BACK TO NEWS & REPORTS
Columbus, Ohio (April 18, 2014)―The Columbus Foundation named Denny Griffith, president of Columbus College of Art & Design, the 2014 winner of The Spirit of Columbus Award at an event held at the Foundation on April 17.
The Spirit of Columbus Award, affectionately known as the “Jerries” in honor of aviatrix Jerrie Mock, was established in 2013 and recognizes individuals who have exhibited exemplary community spirit through their accomplishments. This award is designed to celebrate emerging leaders and contributors to our civic spirit, and those who support emerging talent.
“Through the Jerries, we recognize those in our community whose exemplary accomplishments build our community and inspire us to go further,” said Douglas F. Kridler, president and CEO of The Columbus Foundation. “Denny’s transformation of CCAD clearly exemplifies what The Spirit of Columbus is, and his contributions will for many years, positively affect our city and beyond. He is, and lives, our community brand of smart and open.”
Upon accepting the Foundation’s award, which was presented to Griffith by Columbus Mayor Michael B. Coleman, he said, “Thank you for believing in the power of CCAD to incubate talent and shape culture and commerce in Columbus.”
Griffith was presented with a “Jerrie,” a bronze maquette of the new Jerrie Mock sculpture at Port Columbus International Airport designed by Columbus artist Renate Burgyan Fackler, and had the opportunity to select one nonprofit from PowerPhilanthropy®, the Foundation’s online marketplace, to receive a $5,000 grant.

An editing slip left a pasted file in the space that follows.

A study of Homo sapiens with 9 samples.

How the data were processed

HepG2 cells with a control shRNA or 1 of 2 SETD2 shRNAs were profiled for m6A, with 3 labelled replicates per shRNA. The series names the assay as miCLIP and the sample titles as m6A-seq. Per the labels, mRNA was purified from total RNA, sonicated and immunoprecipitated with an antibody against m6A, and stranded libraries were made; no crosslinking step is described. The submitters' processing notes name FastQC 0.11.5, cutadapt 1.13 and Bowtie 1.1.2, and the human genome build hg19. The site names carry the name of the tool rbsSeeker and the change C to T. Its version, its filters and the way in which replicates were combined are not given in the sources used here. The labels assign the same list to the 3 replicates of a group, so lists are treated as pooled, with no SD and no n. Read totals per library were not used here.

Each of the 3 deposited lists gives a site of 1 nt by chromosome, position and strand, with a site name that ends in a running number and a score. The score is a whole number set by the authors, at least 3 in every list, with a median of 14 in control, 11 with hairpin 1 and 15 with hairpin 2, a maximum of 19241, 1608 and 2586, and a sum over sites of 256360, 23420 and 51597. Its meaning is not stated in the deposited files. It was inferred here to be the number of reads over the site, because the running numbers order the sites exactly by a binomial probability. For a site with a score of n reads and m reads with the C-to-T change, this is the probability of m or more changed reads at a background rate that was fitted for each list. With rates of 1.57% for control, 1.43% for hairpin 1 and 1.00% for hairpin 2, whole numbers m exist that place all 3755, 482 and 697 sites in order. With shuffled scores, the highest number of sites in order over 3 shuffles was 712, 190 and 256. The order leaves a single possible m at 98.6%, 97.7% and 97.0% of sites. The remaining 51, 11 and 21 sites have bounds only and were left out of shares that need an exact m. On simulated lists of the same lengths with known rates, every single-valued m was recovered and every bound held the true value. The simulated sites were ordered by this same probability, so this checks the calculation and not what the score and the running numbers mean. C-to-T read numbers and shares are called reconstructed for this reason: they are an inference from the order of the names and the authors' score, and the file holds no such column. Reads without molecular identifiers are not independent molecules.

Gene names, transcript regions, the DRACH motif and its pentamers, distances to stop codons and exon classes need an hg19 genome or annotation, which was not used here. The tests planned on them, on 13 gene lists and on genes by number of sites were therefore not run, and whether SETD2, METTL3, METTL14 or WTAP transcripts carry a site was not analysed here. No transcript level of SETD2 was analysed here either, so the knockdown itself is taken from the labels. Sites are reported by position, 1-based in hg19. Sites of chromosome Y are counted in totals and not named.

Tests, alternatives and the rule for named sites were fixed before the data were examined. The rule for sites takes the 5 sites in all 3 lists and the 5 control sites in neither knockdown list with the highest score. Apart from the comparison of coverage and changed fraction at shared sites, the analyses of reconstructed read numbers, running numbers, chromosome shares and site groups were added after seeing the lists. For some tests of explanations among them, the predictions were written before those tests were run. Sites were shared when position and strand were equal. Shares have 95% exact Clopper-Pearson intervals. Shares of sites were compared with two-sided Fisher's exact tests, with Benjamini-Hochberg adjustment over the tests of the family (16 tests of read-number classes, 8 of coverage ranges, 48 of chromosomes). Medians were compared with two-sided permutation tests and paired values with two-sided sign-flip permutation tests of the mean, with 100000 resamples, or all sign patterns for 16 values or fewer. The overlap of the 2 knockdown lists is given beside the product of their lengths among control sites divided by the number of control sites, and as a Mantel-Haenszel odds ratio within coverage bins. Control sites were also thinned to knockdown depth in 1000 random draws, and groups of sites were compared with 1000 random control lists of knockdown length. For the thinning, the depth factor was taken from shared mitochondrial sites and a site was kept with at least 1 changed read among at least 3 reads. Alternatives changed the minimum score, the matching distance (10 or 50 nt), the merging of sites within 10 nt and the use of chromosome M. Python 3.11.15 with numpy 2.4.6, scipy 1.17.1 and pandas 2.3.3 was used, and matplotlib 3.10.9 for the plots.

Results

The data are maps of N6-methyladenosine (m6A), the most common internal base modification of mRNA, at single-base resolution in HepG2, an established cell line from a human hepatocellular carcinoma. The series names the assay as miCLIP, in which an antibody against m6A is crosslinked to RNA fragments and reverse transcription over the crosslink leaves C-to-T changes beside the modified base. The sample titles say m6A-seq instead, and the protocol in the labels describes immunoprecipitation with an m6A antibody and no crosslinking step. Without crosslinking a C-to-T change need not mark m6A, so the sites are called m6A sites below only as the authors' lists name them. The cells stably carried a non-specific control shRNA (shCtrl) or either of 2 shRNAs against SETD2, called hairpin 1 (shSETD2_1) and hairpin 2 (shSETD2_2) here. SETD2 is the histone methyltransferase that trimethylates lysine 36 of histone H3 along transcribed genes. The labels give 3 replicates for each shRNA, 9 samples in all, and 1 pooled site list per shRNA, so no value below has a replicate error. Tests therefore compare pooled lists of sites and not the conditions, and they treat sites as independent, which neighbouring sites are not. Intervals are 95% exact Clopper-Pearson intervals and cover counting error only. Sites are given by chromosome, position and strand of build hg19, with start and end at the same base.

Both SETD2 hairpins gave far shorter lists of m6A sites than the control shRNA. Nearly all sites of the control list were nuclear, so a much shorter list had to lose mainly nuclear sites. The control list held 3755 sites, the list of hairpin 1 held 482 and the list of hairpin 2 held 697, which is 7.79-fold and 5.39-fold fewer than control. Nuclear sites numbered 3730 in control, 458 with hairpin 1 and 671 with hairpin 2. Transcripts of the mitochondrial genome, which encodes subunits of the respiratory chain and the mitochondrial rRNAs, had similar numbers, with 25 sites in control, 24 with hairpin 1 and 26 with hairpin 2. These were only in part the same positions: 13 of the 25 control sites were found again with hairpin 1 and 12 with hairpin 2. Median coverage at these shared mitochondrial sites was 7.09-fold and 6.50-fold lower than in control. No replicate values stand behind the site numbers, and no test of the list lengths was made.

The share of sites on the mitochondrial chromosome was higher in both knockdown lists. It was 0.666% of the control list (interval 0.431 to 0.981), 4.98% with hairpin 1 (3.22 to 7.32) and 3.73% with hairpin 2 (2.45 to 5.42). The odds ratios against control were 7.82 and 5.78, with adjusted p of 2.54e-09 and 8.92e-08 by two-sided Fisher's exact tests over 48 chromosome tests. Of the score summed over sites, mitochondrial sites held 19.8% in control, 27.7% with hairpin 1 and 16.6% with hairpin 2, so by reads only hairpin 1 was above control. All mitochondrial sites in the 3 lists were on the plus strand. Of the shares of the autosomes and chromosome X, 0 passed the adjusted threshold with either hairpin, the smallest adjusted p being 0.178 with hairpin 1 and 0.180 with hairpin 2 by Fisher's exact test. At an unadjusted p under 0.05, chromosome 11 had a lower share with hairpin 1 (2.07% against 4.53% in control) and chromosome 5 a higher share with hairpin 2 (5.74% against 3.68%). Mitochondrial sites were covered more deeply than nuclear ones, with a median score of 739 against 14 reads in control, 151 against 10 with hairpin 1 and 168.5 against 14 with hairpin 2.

Griffith chose the CCAD Creative Excellence Fund, which provides last-dollar grants to high-performing, high-financial-need students. “It gets high-performing kids to the finish line!” he said. Mock was named the first recipient of The Spirit of Columbus Award in 2013, along with Jeni Britton Bauer of Jeni’s Splendid Ice Creams and David Brown of the Harmony Project. The Foundation’s event commemorated the 50th anniversary of Mock’s historic around-the-world flight.
Mock was the first woman to fly solo around the world, in her 11-year-old Cessna airplane with “Spirit of Columbus” emblazoned on its side. The 38-year-old Bexley housewife and mother of three took off from Port Columbus on March 19, 1964. She landed safely back in Columbus on April 17 after 29 days, 21 stops, and more than 23,000 miles. The Foundation also announced three special grants to commemorate the 50th anniversary of Mock’s flight.
- A $2,500 grant to The Works, an interactive learning center inspired by the history, technology and artistic accomplishments in Newark, Ohio, Mock’s birthplace.
- A $2,500 grant in honor of Mock’s accomplishment as the first woman to fly solo around the world to the Spirit of Columbus Chapter of Women in Aviation, a nonprofit founded in 2011 that is dedicated to bringing together Central Ohio aviation interests and providing networking, education, mentoring and outreach.
- A $2,500 grant to the Smithsonian’s Air and Space Museum, where Mock’s plane, The Spirit of Columbus, hangs in their Virginia facility.
About The Columbus Foundation
The Columbus Foundation is the trusted philanthropic advisor® to more than 2,000 individuals, families, businesses, and communities that have created unique funds to make a difference in the lives of others through the most effective philanthropy possible. Serving the region for 70 years, The Columbus Foundation is the seventh largest community foundation in the United States. The Foundation’s online giving marketplace, PowerPhilanthropy®, makes it possible for everyone to access valuable information about nonprofit organizations in central Ohio.